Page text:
When Joyce Xi graduates from college next week, I hope the celebratory pride and
joy she and her family experience will be so tremendous, it will blast away the
cloud of suspicion and shame that has hovered over them the last year, once and
That’s always the hope when you come to a “good” life event.
The family has had to endure a “bad” one that began May 21, 2015.
That’s when the world changed for Joyce’s father, Dr. Xiaoxing Xi, and the
entire Xi family.
It was the year of being falsely accused of spying.
If you saw Dr. Xi on “60
then you saw him pantomime exactly what happened nearly a year ago when the
F.B.I. visited the family’s suburban Philadelphia home. With guns drawn, agents
vigorously knocked on the front door, then cuffed and arrested the physicist as
his family stood by in disbelief.
Dr. Xi, a naturalized Chinese American citizen, and, at the time, head of the
physics department at Temple University, was accused of spying for China.
And even though the charges were
last September, the emotional pain of the experience hasn’t dissipated at all.
“Yeah, it’s been really hard on everybody,” Joyce Xi told me on the phone. “You
only see the headlines that the case was brought, the charges were dropped, and
all those things,every single day, worrying about…80 years in prison and a
million dollar fine. Being under surveillance and things like that. That’s the
part that people don’t see. And that just doesn’t go away.”
As I talked to Joyce, I couldn’t help think of Wen Ho Lee, the Taiwanese
American who worked at Los Alamos Laboratories and was accused of transferring
nuclear secrets to China in 1999, and his daughter Alberta.
Lee was arrested, detained for nine months, sometimes in solitary confinement.
But then the government’s espionage case fell apart, and _The New York Times_,
which had led the media drumbeat against Lee, published a semi-mea culpa.
It wasn’t quite an apology for racial profiling, but it was a soft admission of
the Times‘ reporting flaws, an over-reliance on government sources, and the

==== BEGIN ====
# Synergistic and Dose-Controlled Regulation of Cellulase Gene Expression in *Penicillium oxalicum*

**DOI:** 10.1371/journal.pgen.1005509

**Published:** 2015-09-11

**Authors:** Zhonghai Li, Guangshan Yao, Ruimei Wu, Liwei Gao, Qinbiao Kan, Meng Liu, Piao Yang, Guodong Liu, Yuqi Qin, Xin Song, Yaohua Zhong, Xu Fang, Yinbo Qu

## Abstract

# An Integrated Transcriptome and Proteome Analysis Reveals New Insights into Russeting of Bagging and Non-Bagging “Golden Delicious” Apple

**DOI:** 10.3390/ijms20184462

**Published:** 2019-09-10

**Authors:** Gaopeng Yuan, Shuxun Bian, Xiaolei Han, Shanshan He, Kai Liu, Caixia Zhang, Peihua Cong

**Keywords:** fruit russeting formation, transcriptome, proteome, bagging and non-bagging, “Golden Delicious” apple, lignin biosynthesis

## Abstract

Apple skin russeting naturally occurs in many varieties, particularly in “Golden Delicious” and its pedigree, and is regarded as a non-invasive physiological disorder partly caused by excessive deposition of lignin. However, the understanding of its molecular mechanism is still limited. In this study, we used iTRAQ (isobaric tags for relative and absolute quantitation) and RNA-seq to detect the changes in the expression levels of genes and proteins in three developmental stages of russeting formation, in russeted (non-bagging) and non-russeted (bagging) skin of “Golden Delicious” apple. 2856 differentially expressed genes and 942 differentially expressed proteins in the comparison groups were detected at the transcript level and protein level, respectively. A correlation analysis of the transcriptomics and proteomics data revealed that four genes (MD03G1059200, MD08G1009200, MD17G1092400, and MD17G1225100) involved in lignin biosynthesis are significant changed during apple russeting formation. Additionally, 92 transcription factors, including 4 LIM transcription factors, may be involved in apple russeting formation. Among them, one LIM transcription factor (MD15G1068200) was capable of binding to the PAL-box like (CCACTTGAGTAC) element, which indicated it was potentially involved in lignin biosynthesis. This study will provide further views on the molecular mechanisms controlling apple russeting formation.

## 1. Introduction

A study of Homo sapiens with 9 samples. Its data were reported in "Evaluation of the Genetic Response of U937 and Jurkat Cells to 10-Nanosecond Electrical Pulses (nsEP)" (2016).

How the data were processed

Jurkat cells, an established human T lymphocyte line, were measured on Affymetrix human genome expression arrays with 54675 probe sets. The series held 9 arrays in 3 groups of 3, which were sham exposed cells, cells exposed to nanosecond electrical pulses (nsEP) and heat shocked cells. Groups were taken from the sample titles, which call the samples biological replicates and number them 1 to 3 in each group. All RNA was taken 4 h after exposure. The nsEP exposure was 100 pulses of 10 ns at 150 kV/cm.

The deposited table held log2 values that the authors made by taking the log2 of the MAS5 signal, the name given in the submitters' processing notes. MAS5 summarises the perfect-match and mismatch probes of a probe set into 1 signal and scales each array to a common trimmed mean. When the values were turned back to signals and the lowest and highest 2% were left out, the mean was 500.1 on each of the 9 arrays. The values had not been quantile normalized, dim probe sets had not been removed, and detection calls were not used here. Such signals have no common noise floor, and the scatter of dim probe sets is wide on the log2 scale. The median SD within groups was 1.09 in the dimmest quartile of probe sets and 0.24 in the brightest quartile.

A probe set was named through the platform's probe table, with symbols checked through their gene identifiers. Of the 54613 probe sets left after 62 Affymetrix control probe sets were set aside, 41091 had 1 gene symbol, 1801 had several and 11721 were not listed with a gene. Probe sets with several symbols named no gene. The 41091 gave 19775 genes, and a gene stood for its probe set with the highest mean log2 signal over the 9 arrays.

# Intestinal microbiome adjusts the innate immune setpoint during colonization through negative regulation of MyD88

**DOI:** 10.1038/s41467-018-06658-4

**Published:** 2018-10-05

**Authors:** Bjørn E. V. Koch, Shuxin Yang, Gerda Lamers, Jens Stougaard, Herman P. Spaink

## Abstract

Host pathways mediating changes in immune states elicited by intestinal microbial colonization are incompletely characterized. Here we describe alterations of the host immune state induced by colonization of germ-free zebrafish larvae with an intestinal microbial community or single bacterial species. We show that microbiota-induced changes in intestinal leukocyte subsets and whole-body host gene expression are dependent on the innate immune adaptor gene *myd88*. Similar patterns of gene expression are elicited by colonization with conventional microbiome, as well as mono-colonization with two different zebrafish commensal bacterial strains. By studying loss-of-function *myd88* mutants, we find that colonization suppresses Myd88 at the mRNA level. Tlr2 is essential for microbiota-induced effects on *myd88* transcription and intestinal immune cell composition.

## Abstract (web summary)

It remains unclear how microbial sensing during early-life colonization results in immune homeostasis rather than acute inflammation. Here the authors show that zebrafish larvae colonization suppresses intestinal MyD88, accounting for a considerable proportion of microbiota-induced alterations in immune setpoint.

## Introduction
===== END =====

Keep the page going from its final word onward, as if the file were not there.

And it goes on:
harsh, accusatory tone it used in stories about Lee.
One paragraph in that editors’ note,
in particular, has always stuck in my mind. It’s where the paper admitted, “We
never prepared a full-scale profile of Dr. Lee, which might have humanized him
and provided some balance.”
I remembered that line when I talked to Joyce Xi the other day.
So here’s a humanizing fact.
To pass the time, Joyce said she and her father like to play the popular board
game, “Settlers of Catan.”
Who wins? She says she does.
But in the strategy game, they both share a scientific approach to things.
Though she’s more chemistry than physics, she admits to taking after her father.
“I’m an Asian scientist,” she tells me. “He’s always been into science,
research, and ideas. So yeah, I grew up around that. Science is his life.”
Joyce’s too. And that’s been the troubling thing about the facts in her father’s
“It’s hard to reconcile,” she said. “It shouldn’t be that way. The facts should
speak for themselves. But that’s not what happened.”
She said she’s not sure why the case was even brought forward.
“My dad was prosecuted for sharing a product called the pocket heater with
entities in China,” Joyce said. “My dad never shared the pocket heater with
China. They should not have brought up the case.”
She wonders why the government didn’t consult an independent scientific expert
who actually understood the science before they prosecuted her father.
But we’re not dealing with science here, just politics.
Members of Congress
already called for an investigation and an apology last year, when the charges
against Xi and another Chinese American scientist, Sherry Chen,
were dropped. Although the Justice Department dropped the charges against Chen,
her employer, the National Weather Service, fired her. In response, Chen has
since filed a discrimination complaint.
But nothing seems to have changed to prevent more racial profiling against Asian
American scientists. Earlier this year, the Justice Department did issue a
to its prosecutors that all future national security cases like Xi’s will be
directed by more experienced officials in Washington.
Community activists don’t think that’s enough to protect future innocent people.
And it’s not good enough for those who’ve been through the wringer, like Joyce
She’s leading a public
drive calling for an independent investigation and a formal apology for her
father and other Asian Americans who have been wrongly accused.
“The government has not substantively responded to my father’s case or been held
responsible for it,” she said. “This is something that has shaken our whole
family, and my dad should not have been prosecuted to begin with.”
“So, it’s something that we’ll carry with us forever,” she added. “It’s not just
going to go away. And we hope this never has to happen to anybody ever again.”